Does the -e ending on उसके refer to the gender or plurality of घर, or राज? I thought perhaps it indicated that house is plural, but that doesn't seem to be the case.
While the notes on the Hindi course have been fantastic so far, these notes on the oblique case are only semi-helpful, because they only say how to use the oblique case, but not when...
Learning-Hindi.com has great Hindi articles. I used to use it when I took Hindi courses at my University. http://www.learning-hindi.com/post/1116750602/lesson-48-nouns-in-the-oblique-case
I thought that the oblique case applies to nouns followed by a postposition but their is no postposition in this sentence.
As I understand it, the verb जाना (to go) implies a sense of motion to/toward and thus the preposition को (to) is understood (but not expressed). So, house/home is in the objective case... And "her" is in agreement with "home".
This is a common Latinate grammar point.
Plurality of the word " ghar" coz in hindi literally It's not her house, It's their house. So , we use this.Hope , u got it.
I also dont understand why here is uske not uska? If you will know answer or anyone then please send me answer on firstname.lastname@example.org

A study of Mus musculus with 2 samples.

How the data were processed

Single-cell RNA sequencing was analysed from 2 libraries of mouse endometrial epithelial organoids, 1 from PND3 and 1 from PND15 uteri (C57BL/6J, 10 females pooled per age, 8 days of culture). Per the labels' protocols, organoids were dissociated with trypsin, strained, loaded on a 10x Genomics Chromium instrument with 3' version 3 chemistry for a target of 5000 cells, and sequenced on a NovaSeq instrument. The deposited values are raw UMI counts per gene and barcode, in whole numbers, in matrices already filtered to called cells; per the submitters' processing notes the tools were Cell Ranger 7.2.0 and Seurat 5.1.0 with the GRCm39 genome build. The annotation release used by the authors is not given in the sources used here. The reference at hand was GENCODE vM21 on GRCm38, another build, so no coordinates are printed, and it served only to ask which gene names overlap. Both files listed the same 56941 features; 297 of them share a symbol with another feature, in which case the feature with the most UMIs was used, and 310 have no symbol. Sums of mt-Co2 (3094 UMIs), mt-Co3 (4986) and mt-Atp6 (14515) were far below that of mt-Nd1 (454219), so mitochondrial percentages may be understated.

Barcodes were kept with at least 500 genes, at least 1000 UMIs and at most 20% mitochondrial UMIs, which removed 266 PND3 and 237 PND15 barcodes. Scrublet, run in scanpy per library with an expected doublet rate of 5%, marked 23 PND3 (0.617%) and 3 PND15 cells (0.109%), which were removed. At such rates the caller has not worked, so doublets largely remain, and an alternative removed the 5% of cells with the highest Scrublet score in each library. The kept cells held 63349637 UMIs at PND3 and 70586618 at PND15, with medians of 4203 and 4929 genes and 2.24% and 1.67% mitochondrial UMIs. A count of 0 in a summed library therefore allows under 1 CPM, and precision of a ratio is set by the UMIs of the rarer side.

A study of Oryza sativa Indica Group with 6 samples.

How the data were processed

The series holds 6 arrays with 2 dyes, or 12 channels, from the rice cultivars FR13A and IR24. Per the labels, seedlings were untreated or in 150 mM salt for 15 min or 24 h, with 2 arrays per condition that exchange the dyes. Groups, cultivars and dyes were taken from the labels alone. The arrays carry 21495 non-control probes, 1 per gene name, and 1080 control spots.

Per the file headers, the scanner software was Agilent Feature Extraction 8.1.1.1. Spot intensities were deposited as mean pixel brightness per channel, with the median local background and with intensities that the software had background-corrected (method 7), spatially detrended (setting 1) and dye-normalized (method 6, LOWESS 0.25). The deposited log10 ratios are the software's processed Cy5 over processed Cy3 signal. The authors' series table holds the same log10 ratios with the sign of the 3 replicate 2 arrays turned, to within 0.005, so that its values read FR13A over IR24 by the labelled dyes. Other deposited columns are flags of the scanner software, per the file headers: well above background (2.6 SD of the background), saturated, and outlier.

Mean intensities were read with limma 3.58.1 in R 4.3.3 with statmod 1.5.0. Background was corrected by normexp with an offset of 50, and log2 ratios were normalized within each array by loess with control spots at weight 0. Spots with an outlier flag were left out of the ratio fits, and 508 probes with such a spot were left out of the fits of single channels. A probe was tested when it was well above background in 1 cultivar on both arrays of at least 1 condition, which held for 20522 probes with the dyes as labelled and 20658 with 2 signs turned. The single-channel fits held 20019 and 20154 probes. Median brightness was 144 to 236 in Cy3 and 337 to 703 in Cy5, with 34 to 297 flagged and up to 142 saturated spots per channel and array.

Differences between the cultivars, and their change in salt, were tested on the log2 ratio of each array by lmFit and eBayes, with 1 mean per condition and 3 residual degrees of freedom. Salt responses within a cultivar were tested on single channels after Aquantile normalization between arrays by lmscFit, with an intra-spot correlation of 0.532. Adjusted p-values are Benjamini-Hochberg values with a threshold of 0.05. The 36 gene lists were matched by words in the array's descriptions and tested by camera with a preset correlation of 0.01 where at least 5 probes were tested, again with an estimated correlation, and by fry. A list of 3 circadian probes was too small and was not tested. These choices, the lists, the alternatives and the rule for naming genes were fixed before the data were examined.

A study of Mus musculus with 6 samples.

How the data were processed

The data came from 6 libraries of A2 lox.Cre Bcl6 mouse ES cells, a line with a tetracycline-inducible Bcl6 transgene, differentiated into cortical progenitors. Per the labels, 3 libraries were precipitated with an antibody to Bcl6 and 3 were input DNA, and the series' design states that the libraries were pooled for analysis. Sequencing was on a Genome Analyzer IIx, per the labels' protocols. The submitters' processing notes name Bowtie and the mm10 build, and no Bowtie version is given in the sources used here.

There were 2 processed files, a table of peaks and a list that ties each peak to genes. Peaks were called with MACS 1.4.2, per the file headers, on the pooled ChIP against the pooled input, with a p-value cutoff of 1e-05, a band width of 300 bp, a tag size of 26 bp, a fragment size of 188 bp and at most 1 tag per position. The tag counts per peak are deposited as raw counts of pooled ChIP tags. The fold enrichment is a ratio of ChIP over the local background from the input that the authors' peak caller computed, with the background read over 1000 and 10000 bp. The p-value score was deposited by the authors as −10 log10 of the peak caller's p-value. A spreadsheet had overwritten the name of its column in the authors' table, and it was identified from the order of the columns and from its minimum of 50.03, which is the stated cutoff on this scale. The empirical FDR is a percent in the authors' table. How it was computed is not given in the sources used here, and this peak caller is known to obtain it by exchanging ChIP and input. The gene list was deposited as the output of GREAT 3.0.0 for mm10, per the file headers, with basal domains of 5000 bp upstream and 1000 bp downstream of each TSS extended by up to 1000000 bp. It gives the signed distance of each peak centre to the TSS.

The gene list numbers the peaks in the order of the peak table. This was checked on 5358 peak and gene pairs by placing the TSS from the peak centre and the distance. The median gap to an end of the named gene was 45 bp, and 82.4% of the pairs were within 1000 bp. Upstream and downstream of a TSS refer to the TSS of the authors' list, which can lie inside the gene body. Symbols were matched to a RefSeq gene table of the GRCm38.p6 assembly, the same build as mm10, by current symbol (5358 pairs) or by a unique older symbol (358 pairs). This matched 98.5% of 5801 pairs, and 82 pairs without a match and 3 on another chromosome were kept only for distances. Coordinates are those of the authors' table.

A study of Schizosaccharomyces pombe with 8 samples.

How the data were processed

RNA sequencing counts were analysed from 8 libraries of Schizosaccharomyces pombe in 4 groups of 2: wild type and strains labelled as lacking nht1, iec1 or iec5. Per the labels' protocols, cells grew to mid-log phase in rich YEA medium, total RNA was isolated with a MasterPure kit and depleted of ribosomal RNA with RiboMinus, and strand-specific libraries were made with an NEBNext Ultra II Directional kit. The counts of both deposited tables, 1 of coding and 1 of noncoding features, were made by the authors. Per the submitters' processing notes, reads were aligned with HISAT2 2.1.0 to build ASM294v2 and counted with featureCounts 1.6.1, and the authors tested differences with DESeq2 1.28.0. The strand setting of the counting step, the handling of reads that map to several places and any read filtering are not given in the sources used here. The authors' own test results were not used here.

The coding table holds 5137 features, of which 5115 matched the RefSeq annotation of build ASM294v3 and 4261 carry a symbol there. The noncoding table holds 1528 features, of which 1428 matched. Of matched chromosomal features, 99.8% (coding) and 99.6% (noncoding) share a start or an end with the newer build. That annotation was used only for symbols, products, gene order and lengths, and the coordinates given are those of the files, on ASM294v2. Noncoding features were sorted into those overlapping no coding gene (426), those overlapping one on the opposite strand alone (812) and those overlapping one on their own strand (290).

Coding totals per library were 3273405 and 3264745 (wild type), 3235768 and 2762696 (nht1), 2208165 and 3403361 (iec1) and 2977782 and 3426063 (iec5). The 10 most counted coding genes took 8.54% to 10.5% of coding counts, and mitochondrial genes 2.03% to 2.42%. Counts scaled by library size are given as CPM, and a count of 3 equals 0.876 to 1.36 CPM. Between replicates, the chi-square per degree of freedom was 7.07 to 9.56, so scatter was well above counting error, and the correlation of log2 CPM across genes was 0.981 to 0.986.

The word अपना doesn't really have a convenient translation in English. You could think of it as "his own"/"her own"/"their own"/"your own"/"my own"/etc.
मैं उसका खाना खाता हूँ।
I eat his/her food.
मैं अपना खाना खाता हूँ।
I eat my (own) food.
Maybe this is hard to learn from Duolingo, but I thought उसके would be replacing something that we already know, but I had no clue who the “her” in the sentence was.
That's because the context for the sentence is missing. Technically it could also be some random male. But using 'her' makes it's clearer that Raj is not going to his own (apne) house.
I've read all the comments thus far, but it doesn't look like there's a definitive answer as to why it's उसके and not उसका. Is it definitely because जाना requires its object to be in the oblique despite not having a postposition? If so, may that please be added to the Oblique Case Lesson and Tips? Thank you!
I really don't understand this concept. I always get confused. My Hindi speaking friends say, home is masculine? Bikes are feminine? And kept on adding these are feminine those are masculine, how do I get these things?
Unfortunately, that's language. Things are what they are. Some things make sense, like girl/boy, woman/man, but then other things you just have to memorise to be masculine or feminine.
Raj's translation is "male name" and the answer to one of the questions was 'raj goes to her home', do you see whats wrong there?